How to be Dutch
Here’s something I wrote about five years ago, but it still applies!
How to Be Dutch
There’s been a lot of talk in Holland lately about immigrants and about how and how much we should adapt ourselves into the Dutch culture. Clearly we need to learn Dutch, no question about that. But there’s more to the Dutch culture than the language. What I’d like to present tonight are a few tips to help you adapt: How to be Dutch.
1. Ride bicycles everywhere, no matter how cold, icy or rainy it is. Carry things in one hand while you steer with the other. Balance a crate of beer on the back with one hand while you steer with the other. Or carry two children and four bags of groceries. Never make your kids wear helmets or use the seatbelts on the bicycle seat. If there’s no bicycle seat, just have the kid sit on the rack in back of you and hang on. Smoke while you bicycle. Talk on your mobile phone while you bicycle. Carry an umbrella while you bicycle. Never use your lights, no matter how dark it is. Remember, as long as you are on a bicycle, no traffic laws apply to you.
3. If you walk, never look left or right before stepping off the sidewalk.
4. Bring sandwiches with you. Everywhere. If it’s breakfast or lunch-time, whatever you eat must be in the form of a sandwich. If it’s not in sandwich form, make a sandwich of it. Never eat peanut butter and jam together.
5. Be completely confident as to the superiority of the Dutch political and social system, while regularly complaining about governmental over-regulation and interference.
6. Insist that Zwarte Piet isn’t a racist image. Of course it isn’t racist for white people to dress up in blackface and act like clowns. It’s tradition!
7. Never wear a hat no matter how cold it gets.
9. If you’re invited to someone’s house, make sure to comment on how gezellig it is.
10. When visitors leave your house, stand outside and wave good-bye to them. They may take a long time to get into their car and get going and it may be bitterly cold, but you should still stand outside and wave until they are completely out of sight.
11. Leave your curtains open, even at night, so that everyone passing by can have a good look at how perfectly tidy your house is.
12. Use an incredibly small spoon to stir your tea. Be very careful not to burn your fingers. Never put milk in your tea.
13. Eat your French fries with mayonnaise, never ketchup.
14. If you ever go to any international sporting event of any kind, wear an orange wig and orange clothes.
15. Eat raw herring.
16. When asked if you speak English, reply “Of course!”
17. Discuss the weather. A lot. Say things like “Hopefully we will have a cold winter this year so we will be able to skate on the canals.”
18. Overleggen: There is no good English translation of this word, but before you make any decision, make sure to discuss the matter thoroughly and at great length with your colleagues or family.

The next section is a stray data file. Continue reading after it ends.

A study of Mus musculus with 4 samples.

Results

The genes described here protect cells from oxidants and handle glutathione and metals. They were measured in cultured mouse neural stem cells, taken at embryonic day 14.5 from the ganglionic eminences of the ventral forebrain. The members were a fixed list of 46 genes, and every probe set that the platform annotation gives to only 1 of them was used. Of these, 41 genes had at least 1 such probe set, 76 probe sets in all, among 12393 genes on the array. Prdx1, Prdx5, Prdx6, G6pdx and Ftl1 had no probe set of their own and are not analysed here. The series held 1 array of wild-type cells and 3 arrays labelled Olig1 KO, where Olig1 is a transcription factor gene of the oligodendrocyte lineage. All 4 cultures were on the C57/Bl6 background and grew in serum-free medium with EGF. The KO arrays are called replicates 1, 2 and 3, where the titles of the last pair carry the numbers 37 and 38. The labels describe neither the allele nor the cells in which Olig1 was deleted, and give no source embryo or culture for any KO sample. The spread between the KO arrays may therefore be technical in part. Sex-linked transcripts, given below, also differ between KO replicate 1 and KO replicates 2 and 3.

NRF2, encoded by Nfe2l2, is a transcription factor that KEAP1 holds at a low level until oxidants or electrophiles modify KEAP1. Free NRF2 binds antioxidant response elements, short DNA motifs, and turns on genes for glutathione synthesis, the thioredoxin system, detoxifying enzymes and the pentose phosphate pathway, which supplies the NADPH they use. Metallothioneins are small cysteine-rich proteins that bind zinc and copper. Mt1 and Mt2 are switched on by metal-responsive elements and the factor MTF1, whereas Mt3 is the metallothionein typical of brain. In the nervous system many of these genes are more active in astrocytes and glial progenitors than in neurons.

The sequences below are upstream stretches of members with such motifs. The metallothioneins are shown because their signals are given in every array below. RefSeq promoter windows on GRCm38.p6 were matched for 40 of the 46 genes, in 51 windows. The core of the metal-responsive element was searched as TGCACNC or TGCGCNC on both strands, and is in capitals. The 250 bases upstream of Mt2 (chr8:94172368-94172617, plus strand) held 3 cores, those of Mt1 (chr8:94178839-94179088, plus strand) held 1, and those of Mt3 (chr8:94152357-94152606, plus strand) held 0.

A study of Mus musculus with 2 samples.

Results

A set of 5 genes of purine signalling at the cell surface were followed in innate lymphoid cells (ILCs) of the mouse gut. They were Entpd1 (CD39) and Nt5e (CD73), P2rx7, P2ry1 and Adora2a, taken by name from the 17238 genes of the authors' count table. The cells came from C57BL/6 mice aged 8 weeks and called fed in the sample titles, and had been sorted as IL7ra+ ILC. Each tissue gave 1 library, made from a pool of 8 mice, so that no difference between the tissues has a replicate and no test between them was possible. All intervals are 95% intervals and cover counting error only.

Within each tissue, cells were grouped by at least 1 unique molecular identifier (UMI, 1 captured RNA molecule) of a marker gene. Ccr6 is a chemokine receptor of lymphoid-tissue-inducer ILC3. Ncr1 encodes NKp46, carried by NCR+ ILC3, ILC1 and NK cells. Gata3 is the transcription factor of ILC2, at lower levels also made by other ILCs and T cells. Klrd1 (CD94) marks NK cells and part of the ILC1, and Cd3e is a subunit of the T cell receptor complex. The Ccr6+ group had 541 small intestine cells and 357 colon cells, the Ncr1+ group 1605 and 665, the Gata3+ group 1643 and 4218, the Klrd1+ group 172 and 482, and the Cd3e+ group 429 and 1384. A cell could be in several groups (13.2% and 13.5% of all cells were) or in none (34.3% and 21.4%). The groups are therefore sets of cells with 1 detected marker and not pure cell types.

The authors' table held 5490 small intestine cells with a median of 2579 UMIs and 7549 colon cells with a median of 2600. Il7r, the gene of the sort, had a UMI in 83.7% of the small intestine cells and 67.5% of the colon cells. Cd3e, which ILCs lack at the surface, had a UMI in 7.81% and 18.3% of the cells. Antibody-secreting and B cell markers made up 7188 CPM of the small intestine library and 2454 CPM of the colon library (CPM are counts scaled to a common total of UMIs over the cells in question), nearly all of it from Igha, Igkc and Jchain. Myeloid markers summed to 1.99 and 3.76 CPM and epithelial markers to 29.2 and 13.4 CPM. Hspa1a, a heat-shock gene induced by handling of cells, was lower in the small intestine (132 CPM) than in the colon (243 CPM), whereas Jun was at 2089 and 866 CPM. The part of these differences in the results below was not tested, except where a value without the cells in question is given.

How to be Georgian:
1. Have your children apply to the University of Georgia and walk around saying, “How ‘bout them dawgs,” “Let the big dawg eat,” and “Who let the dawgs out?” Put a concrete red and black bulldog in your front yard. Why not two?
2. When the weather report calls for freezing rain (or snow, as we might get 1 day per yr), haul as fast as you can drive to the nearest grocery store and buy at least 3 gallons of milk and 2 loaves of white bread.
3. When people leave your house, stand in the front yard and wave goodbye until they are out of site. Then talk about them.
4. Sugar in tea and coffee is not an option.
5. Two-wheel riding is primarily reserved for the 10 and under crowd. (Except for my son, who at 14 rides to school every day and everyone things it is quite a novel idea.)
By the way, my daughter just got accepted to the Georgia Institute of Technology—engineering school-top 5 in the nation!!!! Beauty AND Brains, what can I say? Definitely not a UGA fan!
Always enjoy your celebrations with friends and family the same way: start with coffee with huge cream cakes. Wait twenty minutes. Be offered another cup of coffee – NEVER ask for a third cup; the world will end. Wait twenty minutes. Be offered a beer or some wine out of a dripping wet glass. This is followed by piling the table with nuts, crisps, cheese and enough other snacks to be able to feed a small village. Wait twenty minutes. Be offered a second drink. Wait twenty minutes. The table will be replenished with another village’s food supply. Whatever happens always comment about how gezellig it all is. Last of all; don’t fotget that whatever the topic a Dutchman will always have an opinion.
Lots of luck with your blog
PS The gentle art of negotiation would be a reasoble translation of overleggen.
Don’t forget the sitting in a circle thing at Dutch gatherings – no matter how small the living room, all the chairs that can be found within the house are put into a circle around the coffee table. find a chair and whatever you do, do not vacate it or it will be gone….sit in the same circle for hours and hours…converse, mention gezelligheid, smile and nod politely when Dutch people go on at length about how terrible Americans and America are (say “why do you think I left and moved here?” – this gratifies them and shuts them up)…but if you really wanna stir things up, do what Rachel and I did, and hide the extra chairs!! Wait for the reactions when ther is no place to sit and they must stand and mingle!! I’ve actually had neighbours go home and bring their own dining room chairs….gotta love it!!
‘They’ (I am one of them, oops) always have their opinion about Ireland as well. My boyfriend is Irish. He loves to hear stories about how backwards his country is, how better it is to live in Holland… But don’t talk about the colony time, or Zwarte Piet.
I don’t know if you’ve read my posts on Zwarte Poet, but you’re right: complete denial!